Friday, November 14, 2008

Tightening Our Belts

Miss Grimke: I’m so excited about the big dinner in December at Elmwood. Thanks so much for putting me on the task force!

DGF: We all know of the extraordinary turbulence still roiling the world’s financial markets and the broader economy.

Miss Grimke: I am preparing vast amounts of congealed salad, using locally harvested sustainable canned fruits and tiny marshmellows and generic gelatin.

DGF: The downturn is widely seen as the most serious in decades, and each day’s headlines remind us that heightened volatility and persisting uncertainty have become our new economic reality.

Miss Grimke: Cheese balls provide a really fun, festive touch, and they are also economical, if you shop at Trader Joe’s for the cheese.

DGF: For all the challenges such circumstances present, we are fortunate to be part of an institution remarkable for its resilience.

Miss Grimke: Of course I’ll make them myself, using an old family recipe that was once printed in the Charleston News and Courier!

DGF: Over centuries, Harvard has weathered many storms and sustained its strength through difficult times. We have done so by staying true to our academic values and our long-term ambitions, by carefully stewarding our resources and thoughtfully adapting to change. We will do so again.

Miss Grimke: Do you think we can afford to double the amount of pecans in the pies? I know that makes them so much better than ordinary. I’d hate to skimp on pecans!

DGF: But we must recognize that Harvard is not invulnerable to the seismic financial shocks in the larger world.

Miss Grimke: Okay, I guess that means we’ll be rolling in squash and pumpkin pies. Sustainable, locally grown squash and pumpkin.

DGF: Our own economic landscape has been significantly altered. We will need to plan and act in ways that reflect that reality, to assure that we continue to advance our priorities for teaching, research, and service.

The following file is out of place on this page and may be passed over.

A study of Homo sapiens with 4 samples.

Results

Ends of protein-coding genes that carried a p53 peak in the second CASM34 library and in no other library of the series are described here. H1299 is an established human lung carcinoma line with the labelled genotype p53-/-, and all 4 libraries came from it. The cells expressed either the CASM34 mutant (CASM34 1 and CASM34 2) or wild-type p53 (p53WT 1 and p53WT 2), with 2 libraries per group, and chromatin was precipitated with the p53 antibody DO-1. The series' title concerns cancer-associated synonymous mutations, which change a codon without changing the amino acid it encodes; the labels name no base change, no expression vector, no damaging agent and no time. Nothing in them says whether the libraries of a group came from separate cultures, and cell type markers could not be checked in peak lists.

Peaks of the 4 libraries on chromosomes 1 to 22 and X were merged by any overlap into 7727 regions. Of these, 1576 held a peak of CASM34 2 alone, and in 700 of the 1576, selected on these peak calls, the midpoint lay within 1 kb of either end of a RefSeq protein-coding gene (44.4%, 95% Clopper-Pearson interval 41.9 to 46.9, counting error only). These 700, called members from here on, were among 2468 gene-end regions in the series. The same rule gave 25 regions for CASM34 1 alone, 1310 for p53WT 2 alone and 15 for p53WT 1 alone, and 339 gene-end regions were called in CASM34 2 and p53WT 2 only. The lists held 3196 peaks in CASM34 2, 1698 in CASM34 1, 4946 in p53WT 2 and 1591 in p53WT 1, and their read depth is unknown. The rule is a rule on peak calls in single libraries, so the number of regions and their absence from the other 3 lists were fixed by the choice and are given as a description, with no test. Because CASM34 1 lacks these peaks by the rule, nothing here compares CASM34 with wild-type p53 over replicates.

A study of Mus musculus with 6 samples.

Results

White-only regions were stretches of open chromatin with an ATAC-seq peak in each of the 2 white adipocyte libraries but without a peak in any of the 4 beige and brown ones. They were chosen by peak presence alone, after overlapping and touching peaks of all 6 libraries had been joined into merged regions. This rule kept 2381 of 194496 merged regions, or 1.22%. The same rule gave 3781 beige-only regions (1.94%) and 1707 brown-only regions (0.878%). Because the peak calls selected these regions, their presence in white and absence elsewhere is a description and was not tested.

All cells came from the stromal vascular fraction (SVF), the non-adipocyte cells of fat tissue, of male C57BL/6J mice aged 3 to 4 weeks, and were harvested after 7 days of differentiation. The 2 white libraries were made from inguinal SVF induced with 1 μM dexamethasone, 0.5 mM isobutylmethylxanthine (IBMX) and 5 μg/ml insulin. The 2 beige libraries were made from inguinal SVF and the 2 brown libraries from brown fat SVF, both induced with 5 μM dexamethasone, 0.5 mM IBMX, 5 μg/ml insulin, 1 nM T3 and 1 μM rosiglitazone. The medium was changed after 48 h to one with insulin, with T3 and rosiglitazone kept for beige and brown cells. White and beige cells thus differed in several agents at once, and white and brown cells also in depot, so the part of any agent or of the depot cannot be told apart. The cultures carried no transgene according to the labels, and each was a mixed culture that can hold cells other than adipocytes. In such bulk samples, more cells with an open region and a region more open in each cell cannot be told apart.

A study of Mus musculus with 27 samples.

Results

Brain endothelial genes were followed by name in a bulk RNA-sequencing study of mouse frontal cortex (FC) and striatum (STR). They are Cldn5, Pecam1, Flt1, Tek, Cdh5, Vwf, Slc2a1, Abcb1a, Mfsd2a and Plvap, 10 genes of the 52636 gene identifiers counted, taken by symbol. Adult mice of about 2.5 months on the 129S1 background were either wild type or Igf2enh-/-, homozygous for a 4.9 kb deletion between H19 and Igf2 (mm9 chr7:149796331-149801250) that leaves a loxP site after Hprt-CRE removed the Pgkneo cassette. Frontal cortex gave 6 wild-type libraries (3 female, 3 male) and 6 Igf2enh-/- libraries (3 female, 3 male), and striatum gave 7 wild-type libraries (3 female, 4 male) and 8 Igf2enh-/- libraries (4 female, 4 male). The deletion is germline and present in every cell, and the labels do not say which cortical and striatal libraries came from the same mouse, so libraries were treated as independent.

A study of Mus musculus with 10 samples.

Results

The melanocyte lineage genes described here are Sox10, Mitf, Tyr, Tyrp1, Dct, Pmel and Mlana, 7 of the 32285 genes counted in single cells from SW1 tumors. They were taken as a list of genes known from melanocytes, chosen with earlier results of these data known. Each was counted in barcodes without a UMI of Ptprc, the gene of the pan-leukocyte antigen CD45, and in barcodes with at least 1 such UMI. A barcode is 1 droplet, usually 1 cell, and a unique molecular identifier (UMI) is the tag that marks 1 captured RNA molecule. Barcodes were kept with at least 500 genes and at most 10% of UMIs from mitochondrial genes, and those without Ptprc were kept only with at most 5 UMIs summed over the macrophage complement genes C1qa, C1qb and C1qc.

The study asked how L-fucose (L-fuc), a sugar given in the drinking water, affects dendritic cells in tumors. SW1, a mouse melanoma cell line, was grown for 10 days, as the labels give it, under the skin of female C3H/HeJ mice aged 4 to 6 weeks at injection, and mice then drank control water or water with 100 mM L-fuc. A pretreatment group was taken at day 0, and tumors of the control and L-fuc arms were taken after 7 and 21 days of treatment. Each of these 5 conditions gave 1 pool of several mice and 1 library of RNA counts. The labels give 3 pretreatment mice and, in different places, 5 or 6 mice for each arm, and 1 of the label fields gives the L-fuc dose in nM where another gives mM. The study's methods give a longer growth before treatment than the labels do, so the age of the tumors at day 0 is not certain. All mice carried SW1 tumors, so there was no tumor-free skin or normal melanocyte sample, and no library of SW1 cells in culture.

Miss Grimke: But at the expense of pecan pies, I see! Indeed we have fallen on hard hard times.

Thursday, November 6, 2008

Tear Down the Curtains

Drew and I were recovering from all the excitement by working on a plan for a demonstration produce garden at Elmwood. Of course the new administration was not far from our thoughts.

Miss Grimke: Does the election of Barack Obama mean our country has been redeemed from the original sin of slavery?

DGF: I would not want to put that great a burden on the shoulders of any one man. But it certainly lightens our hearts.

Miss Grimke: Are you jealous that Larry’s name is being mentioned for a cabinet post?

DGF: Oh yes. I want everything Larry has. I have his office, his chair, his university. . .

Miss Grimke: His bell, book, and candle.

DGF: What? Oh you mean the keys, the charter, and the great seal.

Miss Grimke: Whatever. Don’t you want to be in the cabinet too?

DGF: Absolutely. I have radical ideas I want to implement as soon as possible.

Miss Grimke: Please share them with us!

DGF: My ideas center on draperies. I want to tear them down. . .

Miss Grimke: And make a ball dress?

DGF: No no no! I would send them to Al Gore for recycling. I want to tear down the draperies to leave the windows bare, to let in all the light. I favor a simple, unadorned window, draperies take a lot of energy to clean, and sunlight is the best disinfectant.

Miss Grimke: Dr. Faust, I would appoint you Secretary of Drapery.

DGF: And I would work myself right out of a job!

Monday, November 3, 2008

Sumner Would Be Proud

The scribbler Alex Beam tried to make fun of Dr. Faust because she’s promoting sustainability. Of course he failed, but not before delivering a nasty jab. He went so far as to mention goats, callously disregarding Dr. Faust’s having had to give up her dream of a dairy at Elmwood.

Mr. Beam resides in splendor in the principality of Waban, where at the “farmers market” during the warm month one may be allowed to purchase a ripe tomato for $5, truly a bargain given that it is not raised but coddled, nurtured in organic soil worked by free-range basidiomycetes and fertilized by yak droppings hand-gathered in the high Qinghai-Tibetan Plateau.

Mr. Bean’s ribbing Dr. Faust is like the Mercedes calling the Volvo snobbish.